In a city of buttoned-down lobbyists and big-money campaigns, Steve Michael has waged his political wars with an $800 truck and a seedy one-room storefront that doubles as an apartment.

His style has been pickets and petitions, not power lunches. Loud, indignant, even offensive, he has routinely refused to follow Washington's rules of decorous negotiation. Still, in the last five years, he has won begrudging respect for his passionate advocacy on issues including AIDS funding, health care, the medical use of marijuana and the return of power to elected D.C. officials.

"He's the quintessential activist," said D.C. Council member Carol Schwartz (R-At Large). "He always goes where he sees problems, and he follows through on them."

For the last four weeks, though, Michael has been not the rallier but the rallying point, as he battles severe complications from AIDS at Washington Hospital Center. Politicians and community leaders from across Washington and even from the White House have been saying prayers and sending words of encouragement, hoping he can beat back the disease and resume his work as a full-time thorn in their sides.

"He can be a real pain," said Donna Brazile, press secretary for Del. Eleanor Holmes Norton (D-D.C.). "He's a tenacious fighter. I know, because I've been on opposite sides from him at times, and I've been on the same side with him. Of course, I'd much rather have him with me than against me."

Michael, 42, and his partner, Wayne Turner, 33, moved to Washington from Seattle in 1993 after following President Clinton on the '92 campaign circuit and heckling him persistently over his record on funding for AIDS programs. As members of the militant group ACT UP (AIDS Coalition to Unleash Power), they came to the capital to keep pressuring the president to commit more federal resources to fighting the disease.

But once here, they found themselves incensed by the problems in local government. Michael started turning up at D.C. Council hearings, testifying on health care issues and troubles with the city bureaucracy. He and Turner staged sit-ins at financial control board meetings, calling it the "out-of-control board." When members of Congress began stripping power from locally elected officials, the two men stormed their offices in protest and got arrested on numerous occasions.

Michael's confrontational tactics at times have irritated and angered more established activist groups, who say his renegade, moralizing style can hurt more than it helps. D.C. Council member Sharon Ambrose (D), one of Michael's competitors in last year's Ward 6 council race, said he was "extraordinarily unpleasant in an extremely ad hominem way."

But others say the city needs more people like him.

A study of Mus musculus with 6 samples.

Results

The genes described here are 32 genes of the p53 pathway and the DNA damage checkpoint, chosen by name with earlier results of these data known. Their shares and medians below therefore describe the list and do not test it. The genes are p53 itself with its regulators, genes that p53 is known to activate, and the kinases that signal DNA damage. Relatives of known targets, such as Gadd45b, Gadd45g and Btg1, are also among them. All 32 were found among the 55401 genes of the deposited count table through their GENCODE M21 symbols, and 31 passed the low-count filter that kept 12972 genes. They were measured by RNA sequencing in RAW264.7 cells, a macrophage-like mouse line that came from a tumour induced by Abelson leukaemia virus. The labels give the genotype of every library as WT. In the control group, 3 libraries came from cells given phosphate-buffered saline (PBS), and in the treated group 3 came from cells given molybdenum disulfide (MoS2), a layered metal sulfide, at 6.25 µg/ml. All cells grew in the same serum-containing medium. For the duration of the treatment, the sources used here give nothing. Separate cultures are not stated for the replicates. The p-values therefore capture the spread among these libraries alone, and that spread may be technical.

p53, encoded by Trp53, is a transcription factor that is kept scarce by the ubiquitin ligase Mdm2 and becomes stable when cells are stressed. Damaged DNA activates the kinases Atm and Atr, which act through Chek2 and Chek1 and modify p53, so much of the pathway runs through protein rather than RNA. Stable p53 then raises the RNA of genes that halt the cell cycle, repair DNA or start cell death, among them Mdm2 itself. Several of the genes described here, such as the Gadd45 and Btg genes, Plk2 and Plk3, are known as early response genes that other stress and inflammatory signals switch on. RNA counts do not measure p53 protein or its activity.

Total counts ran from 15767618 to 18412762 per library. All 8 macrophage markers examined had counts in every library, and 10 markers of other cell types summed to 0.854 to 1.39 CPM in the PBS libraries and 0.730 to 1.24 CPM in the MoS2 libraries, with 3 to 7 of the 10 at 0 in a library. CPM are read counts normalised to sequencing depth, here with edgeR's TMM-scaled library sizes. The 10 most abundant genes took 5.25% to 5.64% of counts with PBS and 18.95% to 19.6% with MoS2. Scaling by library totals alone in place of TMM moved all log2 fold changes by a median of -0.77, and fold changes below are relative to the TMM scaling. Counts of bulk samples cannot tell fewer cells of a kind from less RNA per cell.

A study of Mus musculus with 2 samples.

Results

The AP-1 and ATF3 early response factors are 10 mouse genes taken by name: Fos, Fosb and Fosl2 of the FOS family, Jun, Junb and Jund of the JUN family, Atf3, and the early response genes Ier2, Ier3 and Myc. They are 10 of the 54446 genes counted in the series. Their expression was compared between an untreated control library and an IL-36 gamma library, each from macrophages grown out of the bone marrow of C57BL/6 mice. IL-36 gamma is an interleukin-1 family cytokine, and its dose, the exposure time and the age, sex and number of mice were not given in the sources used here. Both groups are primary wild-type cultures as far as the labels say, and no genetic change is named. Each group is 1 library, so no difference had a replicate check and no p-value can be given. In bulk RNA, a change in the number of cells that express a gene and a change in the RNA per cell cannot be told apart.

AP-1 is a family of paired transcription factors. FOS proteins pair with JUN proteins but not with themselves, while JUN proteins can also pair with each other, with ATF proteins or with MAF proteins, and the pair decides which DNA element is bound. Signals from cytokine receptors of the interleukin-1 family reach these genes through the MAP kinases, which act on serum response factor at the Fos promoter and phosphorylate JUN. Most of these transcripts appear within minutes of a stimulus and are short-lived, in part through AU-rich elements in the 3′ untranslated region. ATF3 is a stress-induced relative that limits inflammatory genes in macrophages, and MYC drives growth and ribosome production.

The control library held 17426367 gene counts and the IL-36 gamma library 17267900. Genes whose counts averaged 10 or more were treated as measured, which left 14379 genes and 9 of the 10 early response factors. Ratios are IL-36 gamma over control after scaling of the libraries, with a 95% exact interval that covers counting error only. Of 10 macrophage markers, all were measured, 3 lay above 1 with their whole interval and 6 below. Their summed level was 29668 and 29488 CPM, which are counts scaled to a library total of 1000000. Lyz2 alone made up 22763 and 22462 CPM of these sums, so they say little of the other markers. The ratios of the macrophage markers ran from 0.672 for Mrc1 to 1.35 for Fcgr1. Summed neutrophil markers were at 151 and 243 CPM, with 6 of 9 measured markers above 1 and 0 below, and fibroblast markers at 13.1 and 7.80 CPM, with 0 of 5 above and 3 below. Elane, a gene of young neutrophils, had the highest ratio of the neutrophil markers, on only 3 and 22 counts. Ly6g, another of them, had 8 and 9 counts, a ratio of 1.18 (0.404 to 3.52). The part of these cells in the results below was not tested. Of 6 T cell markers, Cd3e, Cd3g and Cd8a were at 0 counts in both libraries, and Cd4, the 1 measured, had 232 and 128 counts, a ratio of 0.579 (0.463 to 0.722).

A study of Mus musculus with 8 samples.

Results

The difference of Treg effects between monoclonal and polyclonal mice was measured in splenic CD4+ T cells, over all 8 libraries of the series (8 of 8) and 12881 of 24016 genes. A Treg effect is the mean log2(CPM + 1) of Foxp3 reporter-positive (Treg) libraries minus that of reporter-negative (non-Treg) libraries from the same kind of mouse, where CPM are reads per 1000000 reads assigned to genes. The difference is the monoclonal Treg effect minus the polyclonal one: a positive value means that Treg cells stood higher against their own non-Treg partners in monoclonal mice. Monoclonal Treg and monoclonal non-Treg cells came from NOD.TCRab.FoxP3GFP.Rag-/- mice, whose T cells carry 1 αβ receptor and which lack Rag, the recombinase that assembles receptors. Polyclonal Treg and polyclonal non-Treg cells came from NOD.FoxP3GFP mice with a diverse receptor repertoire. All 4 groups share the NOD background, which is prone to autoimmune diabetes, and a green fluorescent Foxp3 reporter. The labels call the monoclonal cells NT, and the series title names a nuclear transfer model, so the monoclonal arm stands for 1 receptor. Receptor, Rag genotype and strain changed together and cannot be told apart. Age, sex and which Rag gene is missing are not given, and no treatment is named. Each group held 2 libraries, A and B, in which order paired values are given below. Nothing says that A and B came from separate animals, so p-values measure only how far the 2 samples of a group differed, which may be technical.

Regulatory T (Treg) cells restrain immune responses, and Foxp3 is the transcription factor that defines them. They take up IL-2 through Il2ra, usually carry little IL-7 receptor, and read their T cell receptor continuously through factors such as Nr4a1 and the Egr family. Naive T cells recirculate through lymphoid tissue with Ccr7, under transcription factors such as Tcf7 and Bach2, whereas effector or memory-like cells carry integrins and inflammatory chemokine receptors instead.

Anise Jenkins, who has lived in Washington more than 40 years, said Michael inspired her to become active in the community. In August, she heard on the radio that a North Carolina senator wanted to take away most of Mayor Marion Barry's powers. The announcer said some residents were planning a demonstration at the White House. "I went down there, and I saw three men standing on the fence. One was Steve Michael," Jenkins said. "I was just compelled. So I got up on the fence. He was just such a vibrant, physical force. Fearless."

She ended up going to jail -- "first time in my life that I've done anything like that" -- and has since become active in the Stand Up for Democracy movement, which is fighting for the restoration of home rule. She also has joined the battle against plans to put the city's new convention center in her Shaw neighborhood.

Jim Graham, executive director of the Whitman-Walker Clinic, the city's largest provider of AIDS-related services, said Michael is one of those "vanguard people" whose methods can be distasteful but who effectively "clear the land, pointing out problems and bringing drama to bear. That, in turn, makes it easier for others who come in their wake."

In the last nine months, Michael has been working to put a measure on the D.C. ballot that would legalize the possession, use, cultivation and distribution of marijuana by people suffering from illnesses such as cancer, AIDS and glaucoma.

When the first petition drive fell short of the more than 17,000 signatures needed to put the measure on the ballot, Michael started yet another drive.

Work on the marijuana measure -- known as Initiative 59 -- continued from Michael's hospital bedside until he was put on a respirator. Turner has officially taken over the drive and has vowed to continue should Michael not pull through.

"We've spent our whole lives together trying to get people to do something about AIDS, battling greed, fighting for democracy," Turner said. "The work will go on, even if we lose this warrior. Steve wouldn't have it any other way." CAPTION: Steve Michael, left, outside the White House in October, protested what he considered the big dollars needed to meet with the president and vice president. Now hospitalized with severe complications from AIDS, below, he is comforted by his partner, Wayne Turner.